Four years ago Ellis Holtom, of Stratford-upon-Avon, was born with half a working heart. Later, the Herald featured his condition as a tribute to the work of Birmingham Children’s Hospital where he was treated. Now, to mark Congenital Heart Defect Week his mum, Vicki, updates his story. . .
ALL 326 local planning authorities in England, councils like Stratford-on-Avon District, need a local plan. The core strategy is a component of that local plan. It contains all the local district wide policies that need to be considered when processing planning applications. New development needs to satisfy local needs, helping to realise the hopes and ambitions of its communities and protect them from situations they fear. New homes and places to work should provide then with a healthy lifestyle, a pleasant place to live, good recreational facilities and above all the infrastructure that enhances their quality of life. The buzzword to describe this is ‘sustainable’.
THE poor are paying more than they should be for their energy, according to damning new evidence from Stratford-upon-Avon’s Citizens Advice Bureau. Prepayment meters (PPMs) are costing users in fuel poverty a “disproportionate amount” for what little gas and electricity they can afford, the bureau has found. There are around 7.2 million people on prepayment meters in the UK and several thousand in the district of Stratford. Despite Stratford’s reputation as an affluent area, the bureau is being forced to come to the aid of more and more people living in fuel poverty on an increasingly regular basis.
AN OFFICIAL paving stone commemorating Stratford-upon-Avon’s forgotten war hero for the 100th anniversary of the First World War will be placed in the town, the government has confirmed. Rex Warneford – the first man to single-handedly shoot down a zeppelin - was ignored in the government’s initial plans to recognise Victoria Cross winners because he was born abroad in India. The Herald launched a campaign, together with King Edward VI school, where Rex lived and studied for five years, to get the fighter pilot recognised.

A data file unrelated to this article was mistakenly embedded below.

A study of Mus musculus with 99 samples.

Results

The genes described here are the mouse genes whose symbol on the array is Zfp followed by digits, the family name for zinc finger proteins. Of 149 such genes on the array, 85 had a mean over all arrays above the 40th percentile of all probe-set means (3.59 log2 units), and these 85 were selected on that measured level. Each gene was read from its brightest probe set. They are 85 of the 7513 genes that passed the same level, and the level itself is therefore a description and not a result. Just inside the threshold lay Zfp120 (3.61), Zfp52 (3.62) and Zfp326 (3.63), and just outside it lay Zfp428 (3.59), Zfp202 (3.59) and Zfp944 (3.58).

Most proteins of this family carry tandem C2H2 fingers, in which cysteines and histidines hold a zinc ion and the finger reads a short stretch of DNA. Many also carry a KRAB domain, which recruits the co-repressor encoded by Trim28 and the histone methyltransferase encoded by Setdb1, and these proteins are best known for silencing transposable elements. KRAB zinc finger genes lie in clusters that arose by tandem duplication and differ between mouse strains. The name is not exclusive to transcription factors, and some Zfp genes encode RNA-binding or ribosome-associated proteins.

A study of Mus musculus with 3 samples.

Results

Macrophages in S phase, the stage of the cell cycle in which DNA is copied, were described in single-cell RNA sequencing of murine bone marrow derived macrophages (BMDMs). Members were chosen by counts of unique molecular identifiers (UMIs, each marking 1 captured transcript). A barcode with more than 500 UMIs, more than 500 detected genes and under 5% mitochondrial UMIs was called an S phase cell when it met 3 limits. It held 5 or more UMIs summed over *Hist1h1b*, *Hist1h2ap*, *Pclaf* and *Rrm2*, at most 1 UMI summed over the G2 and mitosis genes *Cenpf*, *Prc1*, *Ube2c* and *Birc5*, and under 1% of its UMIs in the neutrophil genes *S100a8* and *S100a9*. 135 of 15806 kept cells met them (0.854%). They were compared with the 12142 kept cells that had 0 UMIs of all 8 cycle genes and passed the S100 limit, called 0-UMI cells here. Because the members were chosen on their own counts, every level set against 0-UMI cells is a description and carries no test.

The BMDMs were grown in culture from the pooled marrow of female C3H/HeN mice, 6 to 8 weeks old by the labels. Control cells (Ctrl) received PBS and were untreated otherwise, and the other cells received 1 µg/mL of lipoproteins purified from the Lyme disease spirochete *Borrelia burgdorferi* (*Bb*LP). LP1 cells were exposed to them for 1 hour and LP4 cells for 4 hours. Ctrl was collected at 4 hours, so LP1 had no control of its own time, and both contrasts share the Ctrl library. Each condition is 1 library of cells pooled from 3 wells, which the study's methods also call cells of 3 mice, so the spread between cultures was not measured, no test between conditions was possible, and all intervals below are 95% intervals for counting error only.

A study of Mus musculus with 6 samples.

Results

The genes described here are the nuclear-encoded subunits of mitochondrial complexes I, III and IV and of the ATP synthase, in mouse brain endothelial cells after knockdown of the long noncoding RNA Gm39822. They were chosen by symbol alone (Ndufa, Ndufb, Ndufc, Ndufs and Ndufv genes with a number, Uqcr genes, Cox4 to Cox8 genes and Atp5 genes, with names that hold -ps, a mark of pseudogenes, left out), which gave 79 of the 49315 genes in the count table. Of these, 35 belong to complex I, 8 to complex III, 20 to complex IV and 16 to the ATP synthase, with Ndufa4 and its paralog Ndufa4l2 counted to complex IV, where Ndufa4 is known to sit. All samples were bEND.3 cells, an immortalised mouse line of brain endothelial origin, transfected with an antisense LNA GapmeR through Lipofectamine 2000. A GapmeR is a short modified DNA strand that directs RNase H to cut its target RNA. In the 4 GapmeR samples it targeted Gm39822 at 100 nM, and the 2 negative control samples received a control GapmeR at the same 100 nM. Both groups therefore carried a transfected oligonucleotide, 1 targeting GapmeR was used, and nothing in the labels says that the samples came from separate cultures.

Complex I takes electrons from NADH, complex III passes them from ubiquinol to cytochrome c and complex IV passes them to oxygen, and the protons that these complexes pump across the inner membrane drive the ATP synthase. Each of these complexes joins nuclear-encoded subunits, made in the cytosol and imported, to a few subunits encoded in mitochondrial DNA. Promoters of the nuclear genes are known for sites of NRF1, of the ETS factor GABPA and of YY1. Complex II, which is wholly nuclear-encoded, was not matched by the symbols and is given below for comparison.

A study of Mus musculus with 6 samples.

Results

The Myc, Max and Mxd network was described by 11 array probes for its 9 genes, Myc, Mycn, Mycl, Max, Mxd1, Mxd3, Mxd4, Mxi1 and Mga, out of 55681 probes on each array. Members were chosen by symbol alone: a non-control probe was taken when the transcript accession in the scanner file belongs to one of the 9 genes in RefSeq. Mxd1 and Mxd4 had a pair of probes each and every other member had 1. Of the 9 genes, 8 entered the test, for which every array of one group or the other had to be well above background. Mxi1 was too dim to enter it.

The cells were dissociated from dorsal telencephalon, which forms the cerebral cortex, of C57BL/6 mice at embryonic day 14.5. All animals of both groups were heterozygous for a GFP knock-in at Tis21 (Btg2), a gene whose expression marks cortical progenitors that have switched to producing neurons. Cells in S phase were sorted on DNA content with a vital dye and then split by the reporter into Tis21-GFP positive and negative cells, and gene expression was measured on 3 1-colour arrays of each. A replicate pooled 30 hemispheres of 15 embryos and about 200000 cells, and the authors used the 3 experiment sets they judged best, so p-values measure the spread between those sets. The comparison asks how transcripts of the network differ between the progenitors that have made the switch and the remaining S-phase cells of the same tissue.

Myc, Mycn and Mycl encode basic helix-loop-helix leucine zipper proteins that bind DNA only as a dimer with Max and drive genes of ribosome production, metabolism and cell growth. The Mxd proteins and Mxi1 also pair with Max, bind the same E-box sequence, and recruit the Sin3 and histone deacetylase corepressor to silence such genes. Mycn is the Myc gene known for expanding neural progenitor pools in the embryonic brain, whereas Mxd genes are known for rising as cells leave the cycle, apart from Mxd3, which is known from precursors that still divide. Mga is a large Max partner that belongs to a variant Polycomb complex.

THE ROYAL Humane Society has given special commendations to six people for their heroic actions in the Barford river tragedy.
Julian Mynott, 42, and his three-year-old son Freddie were killed on the River Avon in May 2012 after their boat fell over a weir.
Thanks to the lifesaving effort of neighbours, Julian’s two other children, Archie Mynott, seven, and Florence Mynott, six, were pulled from the swirling waters and later recovered.
Matthew MacFadyen, Mark Benton, Michael Dennis, Kirsty Healey, Melissa Price and Karen Dennis all received public commendations for their part in the rescue at a police awards ceremony last week.
Three men who pulled a mother from a burning car moments before it went up in flames on the Warwick Road in Preston Bagot last November were also commended.
Max Tubbs, who featured in the Herald at the time, was given a joint service commendation from the emergency services along with Chris Brackstone and Richard Evans.
The police awards ceremony, which took place in Kenilworth last week, was hosted by Warwickshire Police Chief Constable Andy Parker.
The awards were presented by the Lord Lieutenant of Warwickshire, Tim Cox.
PC Pete Hayes and PC Marcus Franklin, who helped recover more than £7 million worth of stolen goods from Wellesbourne Market in two separate raids in September and December were also commended on the night.
Two Special Constables from South Warwickshire – Rachel Oaten (Stratford), and Matthew Brown (Alcester) – were given long-service awards for completing at least nine years of voluntary work with the police.
There are 279 voluntary officers in the Warwickshire Special Constabulary, and the force wants to increase this to 410 by April 2016.